5 reasons why Call of Duty Mobile will be a landmark for the series
Heed the call?
It's been a week since the Call of Duty Mobile announcement, and we've been speculating on the news. After some consideration we are here to give you five reasons why it is going to be massive, and may well change the mobile gaming scene as we know it.
Back in 2007, when Call of Duty 4: Modern Warfare launched, it reinvented the first person genre. It also knocked its nearest competition, the Medal of Honor franchise, plain out of the water. Its fast paced online multiplayer and risky move from WWII combat to a more modern setting put it leaps and bounds ahead and it took years for competitors to show their faces.
Call of Duty Mobile could easily cause a similar impact within the mobile space, not only due to the strength of the franchise, but also the fact it is being developed by one of mobile gaming's largest names - Tencent.
That said, Activision's flagship series has made its way onto handheld platforms before, and with little to show for it. So, what is different this time?
Here are the five big reasons that Call of Duty Mobile will make a massive splash when it lands.
Its the first true celebration of the series
Where previous mobile phone Call of Duty titles, like Call of Duty: Heroes, did attempt to bring elements of the series' 16-year history into the fold, they frequently side-stepped around parts of it. The aforementioned Heroes brought well regarded characters into its roster, however it was a real time strategy game in the vein of Clash of Clans.
Unlike Faceroll Games' effort however, Tencent's sticks to the genre that the series is best known for. In addition to that, the roster of characters are joined by a familiar roster of maps. Many people might have groaned at the continued reappearance of Nuketown in the console and PC outings, but it is synonymous with the series and that familiarity will be an extra thing which will keep the game installed even after the honeymoon period wears off.
That familiarity is also the first time that Activision have taken core elements from both the Black Ops and Modern Warfare series and crossed them over within a traditional PVP multiplayer shooter on mobile platforms.
The price is right, for the first time
I don't know how many of you have stood in a shop at Christmas time and listened to comments about the latest Call of Duty. Since season passes and DLC were added into the equation a decade ago there's been mumbled discontent at the real cost of the full game. This then increased when the prices of current gen consoles failed to drop even a few years after release. Call of Duty Mobile is Free to Play, and it's the first full-on, console-style PVP multiplayer, FPS Call of Duty title which can say that.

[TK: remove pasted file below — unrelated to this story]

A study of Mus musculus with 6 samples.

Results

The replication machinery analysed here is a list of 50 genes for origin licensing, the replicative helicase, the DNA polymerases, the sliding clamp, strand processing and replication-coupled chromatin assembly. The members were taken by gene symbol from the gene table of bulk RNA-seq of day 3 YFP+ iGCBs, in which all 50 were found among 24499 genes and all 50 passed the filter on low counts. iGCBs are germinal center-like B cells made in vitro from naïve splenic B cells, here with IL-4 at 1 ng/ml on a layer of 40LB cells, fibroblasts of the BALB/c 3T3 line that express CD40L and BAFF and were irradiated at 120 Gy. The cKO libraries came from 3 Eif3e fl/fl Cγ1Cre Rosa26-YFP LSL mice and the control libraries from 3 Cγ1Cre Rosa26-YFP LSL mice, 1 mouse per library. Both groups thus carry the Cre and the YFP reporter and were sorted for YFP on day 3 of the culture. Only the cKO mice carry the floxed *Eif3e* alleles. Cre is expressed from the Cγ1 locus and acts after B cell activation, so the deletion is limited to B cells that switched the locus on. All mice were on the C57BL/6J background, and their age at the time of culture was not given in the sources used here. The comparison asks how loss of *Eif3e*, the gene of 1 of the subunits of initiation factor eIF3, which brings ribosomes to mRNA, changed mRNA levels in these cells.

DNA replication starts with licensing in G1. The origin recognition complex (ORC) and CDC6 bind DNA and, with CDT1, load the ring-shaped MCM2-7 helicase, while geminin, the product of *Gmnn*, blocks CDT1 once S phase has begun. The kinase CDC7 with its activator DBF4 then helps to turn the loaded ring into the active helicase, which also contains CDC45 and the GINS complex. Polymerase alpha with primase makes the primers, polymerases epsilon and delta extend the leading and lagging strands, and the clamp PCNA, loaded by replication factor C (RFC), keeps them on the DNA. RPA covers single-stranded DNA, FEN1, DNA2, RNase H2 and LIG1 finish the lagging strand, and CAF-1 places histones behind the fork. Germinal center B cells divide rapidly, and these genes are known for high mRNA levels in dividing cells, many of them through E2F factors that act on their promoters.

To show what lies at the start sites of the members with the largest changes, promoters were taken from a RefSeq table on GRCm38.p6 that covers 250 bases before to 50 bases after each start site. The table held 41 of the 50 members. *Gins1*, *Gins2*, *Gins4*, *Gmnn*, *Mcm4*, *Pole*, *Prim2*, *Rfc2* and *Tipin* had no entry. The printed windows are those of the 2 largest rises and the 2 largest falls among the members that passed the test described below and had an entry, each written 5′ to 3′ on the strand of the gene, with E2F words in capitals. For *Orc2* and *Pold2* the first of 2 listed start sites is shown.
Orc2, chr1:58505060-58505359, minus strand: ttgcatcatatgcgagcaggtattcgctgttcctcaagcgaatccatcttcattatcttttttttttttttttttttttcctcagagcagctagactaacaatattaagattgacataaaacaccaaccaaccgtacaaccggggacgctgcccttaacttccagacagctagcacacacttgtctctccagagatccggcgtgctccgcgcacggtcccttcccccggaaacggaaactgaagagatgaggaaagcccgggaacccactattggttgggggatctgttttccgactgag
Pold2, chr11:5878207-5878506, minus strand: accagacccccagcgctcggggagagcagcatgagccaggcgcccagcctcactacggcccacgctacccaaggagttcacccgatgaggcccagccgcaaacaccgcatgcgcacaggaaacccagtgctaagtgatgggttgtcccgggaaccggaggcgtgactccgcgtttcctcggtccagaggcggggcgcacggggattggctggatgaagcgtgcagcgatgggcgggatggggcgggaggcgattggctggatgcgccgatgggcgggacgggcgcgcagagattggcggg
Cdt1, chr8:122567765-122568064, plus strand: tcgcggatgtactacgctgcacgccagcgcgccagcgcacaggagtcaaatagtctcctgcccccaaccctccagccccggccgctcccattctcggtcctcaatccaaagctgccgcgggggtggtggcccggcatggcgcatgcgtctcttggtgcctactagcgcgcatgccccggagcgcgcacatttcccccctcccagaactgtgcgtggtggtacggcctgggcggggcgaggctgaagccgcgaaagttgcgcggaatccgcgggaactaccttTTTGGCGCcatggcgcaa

What this means is that if the game only launches with half a dozen maps, an extensive unlock system, and a few shortcut purchases available amid the promise of future content, it will have an almost unmatched install rate.
This is especially obvious when you consider that…
Activision already has an active userbase playing their console and PC releases, and Tencent already has a large userbase throughout their games. Almost all of these games feature messaging and notice systems which will allow the developer and publisher to push messages to their audience about the new, free version of the game. This is before we even consider that both already have advertising budgets, and the ability to case stuff promos, far exceeding most other developers.
Call of Duty Mobile doesn't need to create an audience, it simply needs to adopt one from its predecessors, something which can be easily facilitated due to the fact that it shares the intense, first-person multiplayer which was core to the series' successes.
How does massive advertising campaigns help you, the player? It gets more people into the game on day one. A large userbase is the best way to keep the game live.
Call of Duty doesn’t discard its killer apps
The first Call of Duty released 16 years ago with a teen ESRB rating. This means that the series has - ignoring all possible ill-advised parental purchases - almost passed the half a generation mark. It has managed to do that through tweaking and tailoring the experience through consecutive experiences. Call of Duty Mobile might not launch with the pre-existing audience of Fortnite or PUBG, but it does it with over a dozen years of experience in the pacey shooting element of the genre.
Elements like zombies, hardcore mode, take 10, kill streaks, have come, gone and twisted to fit new audiences and keep the core series sales at healthy levels.
That said, they are moving into a field dominated by the previously mentioned shooters, even if its core is not battle royale style gameplay, and their offering in the same department - Blackwatch - is untested on mobile and is only lightly teased in the footage we've seen so far.
It's not late to the party
Sometimes, not being first is for the best.
PUBG and Fortnite have shown that multiplayer can work well on the mobile platforms, and their stumbles have likely served as important observations for the Call of Duty Mobile team.
Having watched them twist and turn to tailor to the mobile audience has likely given them plenty of information to consider. And while the games hardly need to compete directly, the audiences are quick to transfer, especially to an established brand which gets its boots on the ground in good stead.